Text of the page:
A developer says he gave thousands to an ally of ex-O.C. sheriff Carona in a car in a dark parking lot.

December 13, 2008|Christine Hanley | Hanley is a Times staff writer.

A paintball park developer testifying Friday at the federal corruption trial of former Orange County Sheriff Michael S. Carona said he got a case of the jitters the night he handed an envelope filled with tens of thousands of dollars in cash to one of the sheriff's close friends.

The businessman told jurors that he'd been told the money was necessary if he wanted "to move the project forward."

Giovanni D'Egidio, who along with his business partner was seeking a site for a paintball park in the late 1990s, said he did not consider the cash a bribe. But he said he became nervous about the transaction because when he arrived at Joe Cavallo's law office to pay him, Cavallo was sitting in his parked car and flashed his headlights to get his attention.

"I remember it was dark. . . . I heard my name. He was in the corner of the parking lot. . . . He flashed his lights and said 'Giovanni, I'm over here,' " D'Egidio recalled.

"I got a little nervous in the stomach. . . . It was an awkward, weird moment. . . . I thought we were going to meet in the office," he testified.

D'Egidio said he climbed into the car and handed the envelope to Cavallo, who said that he was excited about the prospect of the paintball park and that he was going to split the money with then-Assistant Sheriff George Jaramillo.

He testified that his business partner, Dennis Bukowski, later asked him what happened, and he told him, "You don't want to know."

Carona is on trial on charges that he misused the sheriff's office to enrich himself and others, including his wife, Deborah, and longtime mistress, Debra Hoffman. The two women, a judge ruled Friday, will stand trial together in February on charges related to the corruption case.

Carona's own attorney called D'Egidio as a witness in an effort to dispel the assertion that Carona got a cut of the paintball money.

Cavallo testified earlier in the trial that he received about $25,000 in cash from the paintball partners for his help in finding and negotiating a site for a park. Cavallo said he turned the money over to then-Assistant Sheriff Don Haidl, a Newport Beach millionaire who testified that Carona and Jaramillo split $5,000 for their role in trying to get support for the project.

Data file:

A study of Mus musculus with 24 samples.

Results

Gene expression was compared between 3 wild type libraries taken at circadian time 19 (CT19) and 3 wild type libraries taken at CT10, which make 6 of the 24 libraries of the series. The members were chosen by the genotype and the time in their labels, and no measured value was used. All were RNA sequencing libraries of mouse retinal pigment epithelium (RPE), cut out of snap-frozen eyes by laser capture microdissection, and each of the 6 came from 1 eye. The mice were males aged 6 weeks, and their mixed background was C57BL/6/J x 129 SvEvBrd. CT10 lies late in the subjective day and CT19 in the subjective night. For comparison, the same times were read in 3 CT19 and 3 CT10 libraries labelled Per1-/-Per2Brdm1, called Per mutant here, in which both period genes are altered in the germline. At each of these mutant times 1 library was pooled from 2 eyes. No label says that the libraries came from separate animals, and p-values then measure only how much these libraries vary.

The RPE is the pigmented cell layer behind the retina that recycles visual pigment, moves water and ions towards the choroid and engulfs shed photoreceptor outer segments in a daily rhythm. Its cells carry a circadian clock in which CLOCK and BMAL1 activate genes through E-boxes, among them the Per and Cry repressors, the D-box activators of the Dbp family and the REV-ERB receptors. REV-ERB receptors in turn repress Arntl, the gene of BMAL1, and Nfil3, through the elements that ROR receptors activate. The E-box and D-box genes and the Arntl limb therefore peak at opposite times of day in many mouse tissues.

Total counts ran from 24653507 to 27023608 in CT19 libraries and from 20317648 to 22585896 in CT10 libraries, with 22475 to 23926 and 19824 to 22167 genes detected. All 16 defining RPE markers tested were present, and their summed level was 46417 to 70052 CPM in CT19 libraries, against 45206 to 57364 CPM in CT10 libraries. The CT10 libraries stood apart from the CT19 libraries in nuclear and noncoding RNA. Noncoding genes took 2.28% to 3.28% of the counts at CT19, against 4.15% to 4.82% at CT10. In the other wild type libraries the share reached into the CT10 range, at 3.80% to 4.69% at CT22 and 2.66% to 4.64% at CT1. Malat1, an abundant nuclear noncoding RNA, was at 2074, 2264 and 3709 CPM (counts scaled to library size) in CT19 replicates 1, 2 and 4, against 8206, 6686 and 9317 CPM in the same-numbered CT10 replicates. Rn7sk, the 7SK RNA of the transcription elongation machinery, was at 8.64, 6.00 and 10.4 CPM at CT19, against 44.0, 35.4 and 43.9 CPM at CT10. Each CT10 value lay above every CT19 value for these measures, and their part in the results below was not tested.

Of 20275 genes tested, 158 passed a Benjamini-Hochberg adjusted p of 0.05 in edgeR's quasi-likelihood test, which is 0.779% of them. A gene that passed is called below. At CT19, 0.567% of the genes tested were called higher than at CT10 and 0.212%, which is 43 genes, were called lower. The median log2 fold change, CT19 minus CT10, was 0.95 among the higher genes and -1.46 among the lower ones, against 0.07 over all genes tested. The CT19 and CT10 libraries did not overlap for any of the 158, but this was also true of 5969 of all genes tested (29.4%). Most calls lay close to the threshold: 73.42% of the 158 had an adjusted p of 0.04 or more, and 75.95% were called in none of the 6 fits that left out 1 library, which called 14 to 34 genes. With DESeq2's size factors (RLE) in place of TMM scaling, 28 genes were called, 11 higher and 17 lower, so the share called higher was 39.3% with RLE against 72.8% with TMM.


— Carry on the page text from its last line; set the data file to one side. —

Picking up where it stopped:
The permanent paintball park that was envisioned never materialized, though Bukowski now operates a paintball facility at the Orange County Fairgrounds.

D'Egidio said Carona participated in several meetings about a park proposal after his rendezvous with Cavallo, but at no point in the process were was there any discussion about Carona being paid for his influence.

He also said that Hoffman had made progress toward securing an Irvine Co. location, but that possibility fizzled after Cavallo entered the picture. Cavallo, he told jurors, initially asked for $30,000 or $40,000 to move the project forward, but finally agreed to a lesser amount. Cavallo insisted the money be paid in cash, D'Egidio said. In his own testimony, Cavallo said he didn't care if he was paid in cash or a check.

The corruption trial, which began in late October, will likely continue into next year, U.S. District Judge Andrew J. Guilford said Friday.

Guilford on Friday set a Feb. 10 joint trial date for Hoffman and the sheriff's wife, but said he was leaning toward severing the cases, partly because of the potential salaciousness of trying the women together.

"There is a lot of possibility we might lose our focus," Guilford warned attorneys on both sides of the cases as they argued the pros and cons of a joint trial.

Hoffman's case was split from the trial of the former sheriff weeks ago to reconcile issues about her inability to cross-examine the former sheriff about incriminating statements he made in conversations secretly recorded by the government. Deborah Carona's case was previously severed.

Assistant U.S. Atty. Brett A. Sagel said the government wants the two women tried together, in part for judicial efficiency. If the cases are severed, he said, prosecutors want to try Deborah Carona before Hoffman.

Dave Wiechert, an attorney for Deborah Carona, opposed the idea of a joint trial and promised to file a motion to separate the cases against the two women. He argued, among other things, that the charges against Hoffman are significantly more serious than those his client faces. Wiechert also said he was worried about the "avalanche" of publicity that could taint a jury pool if the former sheriff is convicted in the meantime.

Guilford responded by noting his surprise over how many people were uninformed about the people involved in the cases during the questioning of a jury pool before Carona's trial began.